Actors: Get into a Rehearsal Hall
Where the true Lessons begin!
As a professor of acting and directing, I get asked a great deal about the best environment to learn the craft. I will always be an advocate for training, and I think it is imperative that when one decides to be in the performing arts, they get some sort of training. No, I do not think one hour of monologue coaching or a six-week class is enough. I will always argue that being an actor and director is a life sentence. You have chosen a profession that will require commitment and re-commitment at every level to stay at the top of your game. This is not a bad thing for most people who love being in a theatre or around a film set. It is exhilarating and more rewarding than anything else in the world when you are dragged down the rabbit hole.
You should constantly be growing or training in one way or another. For some, this is constant weekly classes, and for others, this means a theatre school. The difference between the two is, of course, immense. The problem with weekly classes is that you are not absorbed for long periods of time. You are rarely practicing your craft every day with a constant eye and ear to your work. Theatre school has the advantage because you are forced to work every day and think about your craft every day. You are surrounded by peers and teachers that will emphasize and highlight your work every day. In addition, you get to watch and listen to others, which is a huge lesson within itself. This being said, not every school or teacher is created equal. It doesn’t matter how brilliant they are or what they have done in their own career, of course. Sometimes our tastes are just not the same. Not every technique works for every actor. Heck, some techniques actually set an actor back by years and harm them emotionally, physically, and most importantly, confidence-wise. Many theatre schools “have a way”.
I remember when I wanted to pursue my MFA in directing, applying to many schools in the UK and United States. After having worked twenty years in the business, I thought my experience and work would compliment the school and my fellow students. I looked at the faculty and teachers, and I had more experience than any of them. This was a “famous” school. Of course, very few of them were working anymore, which is normal in many theatre schools. If they are, they are limited to the professional work they can do based on time. This is fine. This does not concern me as long as they are constantly working on their craft as well. What did concern me was that they told me my experience didn’t matter and that they would “mold me into their type of director”. Mold me!? What type of director!?!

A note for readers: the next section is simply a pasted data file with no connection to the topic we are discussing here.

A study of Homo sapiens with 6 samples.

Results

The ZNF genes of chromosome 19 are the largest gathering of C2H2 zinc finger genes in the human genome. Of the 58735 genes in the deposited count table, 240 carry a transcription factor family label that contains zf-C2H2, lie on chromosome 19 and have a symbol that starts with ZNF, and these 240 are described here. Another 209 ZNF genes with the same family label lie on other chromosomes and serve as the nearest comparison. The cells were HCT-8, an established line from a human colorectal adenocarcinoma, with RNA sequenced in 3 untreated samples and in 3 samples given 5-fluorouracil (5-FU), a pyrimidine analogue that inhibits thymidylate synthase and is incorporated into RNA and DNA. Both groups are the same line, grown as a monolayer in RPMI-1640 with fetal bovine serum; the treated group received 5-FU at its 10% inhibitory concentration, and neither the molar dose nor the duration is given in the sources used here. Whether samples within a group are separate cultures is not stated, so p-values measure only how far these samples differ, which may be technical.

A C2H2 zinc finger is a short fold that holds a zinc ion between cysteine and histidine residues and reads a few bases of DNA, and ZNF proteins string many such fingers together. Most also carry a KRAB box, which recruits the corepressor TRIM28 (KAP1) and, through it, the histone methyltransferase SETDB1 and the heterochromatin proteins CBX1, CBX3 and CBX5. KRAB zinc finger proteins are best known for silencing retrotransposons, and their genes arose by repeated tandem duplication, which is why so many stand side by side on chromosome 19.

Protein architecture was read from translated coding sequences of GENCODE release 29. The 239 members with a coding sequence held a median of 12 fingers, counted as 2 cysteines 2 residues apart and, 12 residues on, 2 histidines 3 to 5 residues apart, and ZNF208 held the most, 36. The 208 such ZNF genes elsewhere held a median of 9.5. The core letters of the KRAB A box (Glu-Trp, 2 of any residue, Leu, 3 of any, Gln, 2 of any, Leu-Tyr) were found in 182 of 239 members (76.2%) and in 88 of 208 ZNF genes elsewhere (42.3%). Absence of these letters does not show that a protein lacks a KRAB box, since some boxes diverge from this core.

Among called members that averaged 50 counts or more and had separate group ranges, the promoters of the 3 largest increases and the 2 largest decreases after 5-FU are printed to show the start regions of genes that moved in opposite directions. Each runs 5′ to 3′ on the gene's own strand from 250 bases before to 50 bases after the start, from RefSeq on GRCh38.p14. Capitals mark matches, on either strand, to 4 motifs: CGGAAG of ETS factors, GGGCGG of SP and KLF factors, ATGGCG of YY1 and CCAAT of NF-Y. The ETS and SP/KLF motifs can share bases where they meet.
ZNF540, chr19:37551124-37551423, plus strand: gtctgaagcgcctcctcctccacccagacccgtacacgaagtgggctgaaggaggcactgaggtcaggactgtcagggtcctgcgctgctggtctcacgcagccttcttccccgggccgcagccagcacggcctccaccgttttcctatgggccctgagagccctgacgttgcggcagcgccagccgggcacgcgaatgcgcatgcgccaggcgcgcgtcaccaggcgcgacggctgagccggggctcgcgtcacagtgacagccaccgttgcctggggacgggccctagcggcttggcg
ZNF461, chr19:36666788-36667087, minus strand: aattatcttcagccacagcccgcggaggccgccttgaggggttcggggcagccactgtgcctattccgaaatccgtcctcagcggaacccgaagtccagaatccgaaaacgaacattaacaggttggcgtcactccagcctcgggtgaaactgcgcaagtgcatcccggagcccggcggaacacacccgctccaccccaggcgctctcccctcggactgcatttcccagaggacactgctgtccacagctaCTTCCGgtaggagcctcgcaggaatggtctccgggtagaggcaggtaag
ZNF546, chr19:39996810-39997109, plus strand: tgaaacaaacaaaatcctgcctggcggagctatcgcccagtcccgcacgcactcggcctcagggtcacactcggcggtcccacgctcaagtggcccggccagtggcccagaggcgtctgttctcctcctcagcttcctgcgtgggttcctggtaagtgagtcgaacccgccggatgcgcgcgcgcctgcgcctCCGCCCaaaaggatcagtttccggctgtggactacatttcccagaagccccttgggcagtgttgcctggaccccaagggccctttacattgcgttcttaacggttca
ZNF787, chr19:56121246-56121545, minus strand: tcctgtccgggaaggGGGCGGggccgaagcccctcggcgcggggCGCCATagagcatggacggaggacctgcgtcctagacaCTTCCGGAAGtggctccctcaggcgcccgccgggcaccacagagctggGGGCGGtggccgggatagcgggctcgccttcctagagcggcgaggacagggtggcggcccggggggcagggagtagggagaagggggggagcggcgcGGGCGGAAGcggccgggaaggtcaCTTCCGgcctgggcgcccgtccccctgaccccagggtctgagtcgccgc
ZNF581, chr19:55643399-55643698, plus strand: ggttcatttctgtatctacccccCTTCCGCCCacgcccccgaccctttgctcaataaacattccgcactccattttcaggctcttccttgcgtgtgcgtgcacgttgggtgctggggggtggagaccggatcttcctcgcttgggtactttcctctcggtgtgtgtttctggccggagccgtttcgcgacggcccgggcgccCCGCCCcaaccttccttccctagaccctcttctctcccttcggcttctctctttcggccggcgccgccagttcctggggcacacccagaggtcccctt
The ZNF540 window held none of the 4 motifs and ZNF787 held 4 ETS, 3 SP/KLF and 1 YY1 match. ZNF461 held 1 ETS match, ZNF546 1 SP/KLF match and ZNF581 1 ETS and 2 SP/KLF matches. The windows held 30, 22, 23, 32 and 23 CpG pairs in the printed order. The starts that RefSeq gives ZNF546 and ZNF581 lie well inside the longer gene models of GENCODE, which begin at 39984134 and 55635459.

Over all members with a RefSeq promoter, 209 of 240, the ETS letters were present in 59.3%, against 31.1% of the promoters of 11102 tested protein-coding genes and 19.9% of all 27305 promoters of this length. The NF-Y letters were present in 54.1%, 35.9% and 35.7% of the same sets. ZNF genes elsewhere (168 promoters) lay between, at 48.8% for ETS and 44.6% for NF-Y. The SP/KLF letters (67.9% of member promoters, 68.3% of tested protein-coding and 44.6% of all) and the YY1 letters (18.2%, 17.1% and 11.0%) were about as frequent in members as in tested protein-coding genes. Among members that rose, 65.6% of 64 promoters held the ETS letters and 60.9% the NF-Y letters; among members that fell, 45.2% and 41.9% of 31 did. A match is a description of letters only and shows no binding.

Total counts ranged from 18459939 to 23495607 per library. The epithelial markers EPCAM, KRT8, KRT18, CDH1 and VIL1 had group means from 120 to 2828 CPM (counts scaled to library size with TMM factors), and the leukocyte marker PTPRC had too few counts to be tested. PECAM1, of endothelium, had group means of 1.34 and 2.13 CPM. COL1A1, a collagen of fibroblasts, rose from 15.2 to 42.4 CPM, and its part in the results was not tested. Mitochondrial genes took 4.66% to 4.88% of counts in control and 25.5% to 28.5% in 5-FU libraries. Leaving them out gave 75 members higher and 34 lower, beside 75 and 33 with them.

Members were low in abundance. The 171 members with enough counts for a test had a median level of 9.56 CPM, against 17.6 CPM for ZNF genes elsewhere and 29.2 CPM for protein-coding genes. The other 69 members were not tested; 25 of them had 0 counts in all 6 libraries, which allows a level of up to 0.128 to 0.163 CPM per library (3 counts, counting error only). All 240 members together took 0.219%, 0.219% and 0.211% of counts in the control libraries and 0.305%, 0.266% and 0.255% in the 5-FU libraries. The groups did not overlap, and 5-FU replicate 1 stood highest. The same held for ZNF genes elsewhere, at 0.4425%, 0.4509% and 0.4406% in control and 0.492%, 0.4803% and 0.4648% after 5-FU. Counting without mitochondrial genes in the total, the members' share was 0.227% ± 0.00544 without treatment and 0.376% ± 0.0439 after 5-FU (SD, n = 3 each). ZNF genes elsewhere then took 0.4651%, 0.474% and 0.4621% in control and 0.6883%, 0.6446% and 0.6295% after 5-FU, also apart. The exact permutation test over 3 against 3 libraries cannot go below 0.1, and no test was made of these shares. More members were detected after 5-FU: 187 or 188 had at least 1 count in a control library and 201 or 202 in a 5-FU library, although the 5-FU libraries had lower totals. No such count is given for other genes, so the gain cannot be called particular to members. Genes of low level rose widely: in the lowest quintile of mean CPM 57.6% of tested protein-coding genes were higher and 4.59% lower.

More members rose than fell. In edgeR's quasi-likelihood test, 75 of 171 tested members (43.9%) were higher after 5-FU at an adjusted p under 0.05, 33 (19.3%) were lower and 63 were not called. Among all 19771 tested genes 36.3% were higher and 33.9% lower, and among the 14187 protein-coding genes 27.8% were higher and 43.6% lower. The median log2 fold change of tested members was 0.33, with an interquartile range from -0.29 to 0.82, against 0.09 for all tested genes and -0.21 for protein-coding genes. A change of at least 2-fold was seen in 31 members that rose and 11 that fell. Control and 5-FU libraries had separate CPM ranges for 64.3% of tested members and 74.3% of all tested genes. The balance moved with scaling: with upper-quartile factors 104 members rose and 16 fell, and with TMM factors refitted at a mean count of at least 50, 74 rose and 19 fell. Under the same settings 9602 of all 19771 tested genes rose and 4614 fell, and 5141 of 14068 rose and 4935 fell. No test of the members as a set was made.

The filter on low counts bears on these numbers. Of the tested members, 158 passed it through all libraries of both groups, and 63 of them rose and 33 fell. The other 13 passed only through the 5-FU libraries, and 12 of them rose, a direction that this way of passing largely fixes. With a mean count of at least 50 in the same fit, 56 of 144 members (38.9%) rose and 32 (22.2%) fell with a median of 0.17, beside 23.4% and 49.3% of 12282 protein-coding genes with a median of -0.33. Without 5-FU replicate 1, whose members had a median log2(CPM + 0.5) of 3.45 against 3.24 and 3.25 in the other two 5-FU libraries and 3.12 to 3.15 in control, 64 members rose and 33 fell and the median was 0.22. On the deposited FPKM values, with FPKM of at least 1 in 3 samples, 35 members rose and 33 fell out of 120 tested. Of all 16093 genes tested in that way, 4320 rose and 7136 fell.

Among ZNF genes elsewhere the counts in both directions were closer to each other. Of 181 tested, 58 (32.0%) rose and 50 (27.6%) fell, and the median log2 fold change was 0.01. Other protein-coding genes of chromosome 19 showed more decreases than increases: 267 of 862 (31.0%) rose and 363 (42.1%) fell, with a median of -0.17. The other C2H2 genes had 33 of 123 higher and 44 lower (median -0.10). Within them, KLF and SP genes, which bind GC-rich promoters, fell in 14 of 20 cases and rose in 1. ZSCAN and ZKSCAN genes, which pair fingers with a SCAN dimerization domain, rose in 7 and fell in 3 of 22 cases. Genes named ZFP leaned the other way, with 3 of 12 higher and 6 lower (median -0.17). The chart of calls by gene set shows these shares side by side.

I don’t know about you, but anyone who says they are going to make me any type of anything scares the bejesus out of me. Artists are not one thing. We are not put into a box, and I never want to be labelled as this or that.
Our God is humanity and human beings. We must be versatile and be open to anything and everything that will bring us closer to the reality and honesty of the human condition. We must be open to any and every technique or exercise that helps us get closer to that.
My point is that training and getting better at your craft are crucial for any actor or director. School is terrific, but be careful of what you are being offered and are buying into. What I want to say in this article is that there is another way. A more efficient way! A training ground you should be pursuing over everything else. You can even pursue this while going to school (another of my beefs with these schools who say “you can’t work while you are here”, “it will affect your training”, “you can’t concentrate on your training if you are working”, etc.). Any teacher or school of any worth will encourage you to work with the best. They will encourage you to learn and grow. They will be your bridge to the profession and they will help support your balance of work and education. If not, my “spidey sense” goes off immediately. You are paying them, remember?
No, the one thing you should always be pursuing is getting into the rehearsal hall with an eclectic mix of artists. You need to work with directors who have the pressure of a real-life paying audience with real-live critics. Here are the real lessons about your craft and the demands of being a professional. School can never give you the latter. No matter what your school or the teachers say. They can prepare you to the best of their ability, but they cannot give you the demands needed to excel as a professional. And this needs to be learned hand in hand with the training.
In conclusion, I am an advocate for both school training and work. You must make the pursuing work in the rehearsal hall, with a mix of professionals, your priority though. The biggest lessons I have learned about the profession or craft never came in school — my confidence and foundations of technique did. The real lessons come from being in the thick of it and figuring out how to do a scene with a method actor when you are not. From taking direction from Sam Mendes, from watching Maggie Smith do a scene with Judi Dench and hearing them talk about the work. From feeling the demands of time and the pressures of tech and opening night. From knowing that what you are about to say in this new play will be controversial, from dealing with financial pressures, and knowing you have just a few hours to cook, eat, do laundry, pick up the kids, and go over your notes and lines.
The professional rehearsal hall is, and always will be, the place to be.